10 Earphones Under $100

Sony MDR-V300: Pro Lightweight

Called "Studio Monitor" and described as DJ headphones, the V300 set is still fairly compact and can be used on-the-go. The long, rather thick cable doesn't work all that well with the compact design. As is de rigueur for a model aimed at sound monitoring, it's of closed design and has reversible earcups so that one can be turned out - a common practice when checking the sound that's going out. Naturally the closed design doesn't ensure a high degree of acoustic isolation. In fact you could even say it's low. I also didn't find the set very comfortable to wear. Try them first if you plan to listen for long periods.

Technical Characteristics

  • Type: closed supra-aural
  • Frequency response: 16 Hz - 22 kHz
  • Nominal impedance: 24 ohms
  • Sensitivity: 100 dB/mW
  • Cable length: 3 m (9.8 ft.)
  • Plug type: 3.5 mm mini /6.35 mm (1/4 in.) phone
  • Weight: 115 g (4.06 oz)

Good Bass And Linearity

The response favors the bass, with attenuated extreme lows. The midrange shows good linearity. The extreme high frequencies are visibly less in evidence. In other words, the essential part of the audio spectrum is well reproduced, but the extremes are attenuated.

The response favors the lows a little, but the overall profile is very linear, though with significant attenuation of the two extreme ends of the spectrum.

The V300 can put out very high volume without weakening and its sensitivity makes it compatible with all players.

Efficiency: approximately 104 dB/V

Listening Test

The Sony V300 is designed for DJ and monitoring use, but is usable on-the-go. However its closed design won't ensure optimum comfort for long listening sessions. The overall balance clearly favored the lower end of the spectrum. Some may find that the rest of the range suffers a little and that there's a slight lack of definition, undoubtedly due to the attenuation of the extreme high frequencies. That's largely a matter of taste. Especially since the midrange delivered faithful timbres, as a set of monitoring phones must. Naturally, the deep, ample bass will be this model's main attraction. Especially since it seemed to go down very low with no problem, despite what the audio measurements might have led us to think. To sum up, the V300 is a very good model if you're looking for affordable, non-bulky monitoring earphones. In my opinion, it's less suited to long-term and portable use, but that a matter of choice.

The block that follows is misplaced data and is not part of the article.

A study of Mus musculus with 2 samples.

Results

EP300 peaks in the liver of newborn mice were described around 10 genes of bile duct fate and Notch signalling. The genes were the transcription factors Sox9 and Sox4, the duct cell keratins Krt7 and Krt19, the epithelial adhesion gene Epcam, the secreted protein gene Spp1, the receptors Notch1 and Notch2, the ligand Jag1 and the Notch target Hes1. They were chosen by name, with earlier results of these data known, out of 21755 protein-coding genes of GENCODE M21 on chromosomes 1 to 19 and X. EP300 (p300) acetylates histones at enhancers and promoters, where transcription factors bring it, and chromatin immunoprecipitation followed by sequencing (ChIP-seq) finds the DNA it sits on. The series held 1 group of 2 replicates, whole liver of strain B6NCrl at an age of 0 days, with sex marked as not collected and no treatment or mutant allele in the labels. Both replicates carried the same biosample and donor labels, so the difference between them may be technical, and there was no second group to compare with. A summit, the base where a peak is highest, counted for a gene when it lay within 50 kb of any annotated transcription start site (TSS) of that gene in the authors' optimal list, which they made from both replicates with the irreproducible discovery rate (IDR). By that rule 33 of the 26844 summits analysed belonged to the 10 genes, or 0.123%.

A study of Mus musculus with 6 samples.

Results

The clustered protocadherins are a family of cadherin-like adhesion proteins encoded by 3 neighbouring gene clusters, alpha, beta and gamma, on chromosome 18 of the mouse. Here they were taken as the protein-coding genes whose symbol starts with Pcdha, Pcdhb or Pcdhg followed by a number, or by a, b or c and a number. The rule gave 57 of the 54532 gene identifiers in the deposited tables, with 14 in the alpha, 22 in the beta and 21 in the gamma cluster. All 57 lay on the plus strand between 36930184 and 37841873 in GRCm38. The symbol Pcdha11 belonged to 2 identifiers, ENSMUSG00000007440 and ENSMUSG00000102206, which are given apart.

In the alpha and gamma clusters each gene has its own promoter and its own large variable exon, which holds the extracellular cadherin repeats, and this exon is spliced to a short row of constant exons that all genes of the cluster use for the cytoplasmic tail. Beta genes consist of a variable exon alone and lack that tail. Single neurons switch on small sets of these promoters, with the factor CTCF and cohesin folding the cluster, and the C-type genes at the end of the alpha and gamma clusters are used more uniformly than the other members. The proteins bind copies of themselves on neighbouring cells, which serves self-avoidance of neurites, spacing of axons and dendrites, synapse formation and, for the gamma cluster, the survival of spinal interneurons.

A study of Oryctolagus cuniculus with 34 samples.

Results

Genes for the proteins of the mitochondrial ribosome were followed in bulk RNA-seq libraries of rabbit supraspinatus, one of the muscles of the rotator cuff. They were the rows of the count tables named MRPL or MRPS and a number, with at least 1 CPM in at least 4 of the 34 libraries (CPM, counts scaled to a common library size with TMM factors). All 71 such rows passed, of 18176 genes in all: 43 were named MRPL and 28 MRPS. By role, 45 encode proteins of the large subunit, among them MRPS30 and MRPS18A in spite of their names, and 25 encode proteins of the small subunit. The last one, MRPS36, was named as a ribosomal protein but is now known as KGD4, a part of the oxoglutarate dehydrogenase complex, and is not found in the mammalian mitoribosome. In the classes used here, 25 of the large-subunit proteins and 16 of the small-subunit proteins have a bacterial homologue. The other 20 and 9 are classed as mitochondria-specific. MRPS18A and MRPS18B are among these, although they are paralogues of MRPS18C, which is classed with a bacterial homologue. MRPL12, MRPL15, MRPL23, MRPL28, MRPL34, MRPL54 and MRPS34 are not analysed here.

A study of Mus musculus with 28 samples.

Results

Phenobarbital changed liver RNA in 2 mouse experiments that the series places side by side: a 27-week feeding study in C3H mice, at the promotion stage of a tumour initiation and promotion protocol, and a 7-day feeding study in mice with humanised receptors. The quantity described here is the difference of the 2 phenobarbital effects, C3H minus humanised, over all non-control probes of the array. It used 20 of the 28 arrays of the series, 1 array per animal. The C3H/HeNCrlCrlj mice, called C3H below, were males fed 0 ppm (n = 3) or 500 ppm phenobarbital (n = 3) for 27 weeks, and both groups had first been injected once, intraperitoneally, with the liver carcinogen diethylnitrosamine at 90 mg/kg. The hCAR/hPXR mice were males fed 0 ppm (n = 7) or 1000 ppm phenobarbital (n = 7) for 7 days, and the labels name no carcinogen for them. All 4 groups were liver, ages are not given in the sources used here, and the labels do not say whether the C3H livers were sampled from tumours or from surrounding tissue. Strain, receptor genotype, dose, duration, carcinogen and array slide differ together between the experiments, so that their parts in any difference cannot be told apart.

The Good

  • ample, deep bass
  • high volume capability

The Not So Good

  • lacks extreme high frequencies
  • not very comfortable


Two models especially appealed to us because of their features and suitability for use on the go: the Sennheiser CX300 - a very affordable set of intra-aural earphones whose frequency response is significantly wider and more regular than that of its competitors - and the Koss KSC75, which gives you most of the qualities of a benchmark model like the PortaPro in a form that's even more compact and suited to portable use. The former provides fairly good acoustic isolation, the latter none. That means they won't be ideally suited to the same situations. More sedentary or professional users will find better choices elsewhere among the earphones I evaluated. And if you're looking for an intra-aural model, do look at two models I reviewed earlier, the Creative Zen Aurvana and the Shure E2c.

  • Uncomfortable? These are the most comfortable headphones I ever used (among Koss, AKG, Beyer and other Senn models).
  • JT Kahle
    ive had a pair last 6 years, falling asleep with them on almost every night.